WHY did they build Tower Bridge?
Let me take you back to 1860. London had a problem: TRAFFIC! (Does that sound familiar?) Thousands of people and carts and horses crossed the River Thames. You could take a boat across the Thames, but that was slow and expensive. You could cross London Bridge for free, but it was really crowded. You could swim across, but that, well, it was wet! And in the winter, pretty COLD!
Obviously, the River Thames needed a new crossing. But the new crossing needed to 1) allow carts and horses and people to cross over it, and 2) allow ships to come into the Pool of London. At the same time!
After all, London was one of the world's busiest ports. The big question of the day was: How do you design a bridge which carts and horses can cross over, while tall ships to sail under it?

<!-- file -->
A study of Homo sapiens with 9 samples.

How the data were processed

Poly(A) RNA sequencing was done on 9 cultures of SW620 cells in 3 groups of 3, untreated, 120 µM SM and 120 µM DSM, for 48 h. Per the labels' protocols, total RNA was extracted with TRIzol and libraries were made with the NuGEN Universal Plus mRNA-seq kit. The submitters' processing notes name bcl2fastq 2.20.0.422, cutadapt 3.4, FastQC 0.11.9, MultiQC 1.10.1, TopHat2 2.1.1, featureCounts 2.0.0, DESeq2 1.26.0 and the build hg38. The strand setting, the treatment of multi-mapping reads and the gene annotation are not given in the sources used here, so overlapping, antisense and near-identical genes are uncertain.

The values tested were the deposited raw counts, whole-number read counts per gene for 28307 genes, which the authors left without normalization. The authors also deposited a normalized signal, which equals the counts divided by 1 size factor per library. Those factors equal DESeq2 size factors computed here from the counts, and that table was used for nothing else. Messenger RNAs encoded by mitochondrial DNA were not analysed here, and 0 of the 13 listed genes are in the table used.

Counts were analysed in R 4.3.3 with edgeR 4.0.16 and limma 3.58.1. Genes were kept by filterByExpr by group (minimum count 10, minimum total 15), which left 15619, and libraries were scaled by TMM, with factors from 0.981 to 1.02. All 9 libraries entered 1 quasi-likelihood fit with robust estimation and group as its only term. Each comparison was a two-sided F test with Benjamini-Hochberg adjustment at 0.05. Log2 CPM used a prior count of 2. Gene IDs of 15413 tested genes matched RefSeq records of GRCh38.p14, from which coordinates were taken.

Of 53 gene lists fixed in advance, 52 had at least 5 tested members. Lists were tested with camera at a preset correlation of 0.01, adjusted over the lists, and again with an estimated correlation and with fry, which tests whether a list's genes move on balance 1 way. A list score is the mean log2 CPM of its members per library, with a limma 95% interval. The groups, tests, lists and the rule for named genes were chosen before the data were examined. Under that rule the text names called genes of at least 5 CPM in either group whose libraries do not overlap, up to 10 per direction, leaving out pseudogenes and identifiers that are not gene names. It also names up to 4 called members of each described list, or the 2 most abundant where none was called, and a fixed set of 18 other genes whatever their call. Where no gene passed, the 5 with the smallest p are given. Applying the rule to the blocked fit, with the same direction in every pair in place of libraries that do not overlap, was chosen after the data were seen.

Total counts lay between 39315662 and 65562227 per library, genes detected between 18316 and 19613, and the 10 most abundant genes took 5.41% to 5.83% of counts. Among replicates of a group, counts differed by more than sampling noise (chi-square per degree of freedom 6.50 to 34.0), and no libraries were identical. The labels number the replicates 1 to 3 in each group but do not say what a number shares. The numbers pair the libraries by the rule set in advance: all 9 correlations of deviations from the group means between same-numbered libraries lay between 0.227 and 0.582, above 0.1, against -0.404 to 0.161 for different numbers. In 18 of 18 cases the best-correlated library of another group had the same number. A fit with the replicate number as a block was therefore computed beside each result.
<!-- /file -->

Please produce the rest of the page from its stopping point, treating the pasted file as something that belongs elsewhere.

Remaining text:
All sorts of architects submitted all sorts of designs -- there were TUNNEL designs; there were designs for really tall BRIDGES; or BRIDGES with steep roads; there was a design for a "rolling" bridge; one design had interlocking loops which would keep the traffic flowing above and below the bridge. But none of these ideas seemed practical.
Enter our hero: Horace Jones. He was the 'Architect and Surveyor to the City of London Corporation,' a job dating back to the 15th century. Horace Jones submitted a design for a bascule bridge. His bridge would raise its bascules to let the tall ships pass through. Plus, his design had walkways, high above the ships' masts, where pedestrians could cross as the ships passed underneath. Problem solved!
But that was only the DESIGN of Tower Bridge! Read my other blogs about Tower Bridge to find out the rest of the story!